Sea Level Rise and More Intense Storms Will Hurt Coastal Communities

By Ben Block

Traveling to the shore on Labor Day, I pass row by row of gorgeous vacation homes. They always leave me both envious and perplexed.

Envious because the homes are beautiful. What better way to start a morning than to walk onto a balcony with a view of ocean waves?

Perplexed because the homes are dangerous. Along much of the East Coast, homeowners are increasingly likely to need to put significant work into their properties — either to prevent flood damage or to make repairs after the waters rise.

More investors are taking this risk seriously. As storms become more frequent and dangerous, we all should take the risks more seriously.

A new Colorado-Penn State study found current and future sea level rise are to blame for lower property values along the U.S. coasts and in several states, including New York, New Jersey, Florida and Massachusetts.

Coastal properties continue to benefit from a hot real estate market. But homes threatened by sea level rise are selling for an estimated 7 percent less than equivalent properties with less exposure.

Worldwide, sea levels have risen about eight inches since 1900. The pace is already accelerating. Scientists predict oceans will rise an additional three to seven inches by 2030. By 2100, the effect could be as much as 4.3 feet.

More intense hurricanes enact costs to coastal communities that far exceed the property value effect from sea level rise.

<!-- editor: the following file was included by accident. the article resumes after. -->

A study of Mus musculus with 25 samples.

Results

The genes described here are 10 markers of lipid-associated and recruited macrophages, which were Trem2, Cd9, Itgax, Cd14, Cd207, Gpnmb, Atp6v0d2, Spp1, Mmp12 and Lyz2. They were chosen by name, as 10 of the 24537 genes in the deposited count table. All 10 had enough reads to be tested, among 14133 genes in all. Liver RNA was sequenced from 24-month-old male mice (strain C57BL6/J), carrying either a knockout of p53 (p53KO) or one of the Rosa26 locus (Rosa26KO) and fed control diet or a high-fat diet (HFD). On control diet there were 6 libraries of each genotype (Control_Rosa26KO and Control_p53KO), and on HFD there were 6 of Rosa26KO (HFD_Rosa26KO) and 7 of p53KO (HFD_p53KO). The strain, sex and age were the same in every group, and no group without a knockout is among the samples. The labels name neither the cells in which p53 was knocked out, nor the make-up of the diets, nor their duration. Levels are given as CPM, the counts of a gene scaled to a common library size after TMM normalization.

Hurricane Maria, for instance, was the most deadly hurricane to hit the United States since 1900. An independent analysis of the impact from the loss of power, water and clean sanitation services in Puerto Rico estimated a death count between 2,658 and 3,290 people last year.

As a parent in the age of climate change, I worry even more about the impact on coastal communities located beyond the comfort and safeguards of the territorial United States. Sea level rise and storms will displace low-lying communities, creating new crises of migrants looking for safe havens, placing moral and financial burdens on future generations as we all scramble for humanitarian answers.

For U.S. homeowners along the coasts, it seems impossible to totally prevent sea level rise or the frequency of more intense storms. Advanced satellite technology can, however, identify which properties are most at risk and determine what preventive measures can be taken.

I certainly appreciate how coastal communities have become iconic of so much of what we love. It’s where families spend their summers. It’s where childhood dreams are born.

As much as it makes sense to act proactively to address the ravages that may come from climate change, we as a society seem to prefer the nostalgia and simplicity of keeping things the same.

Greater respect of the dangerous power climate change may bring onto these communities — here in the United States and around the world — sadly may come only in response to the next disaster.

Ben Block is the founder of Climate Dads. He can be reached at ben[at]climatedads[dot]org.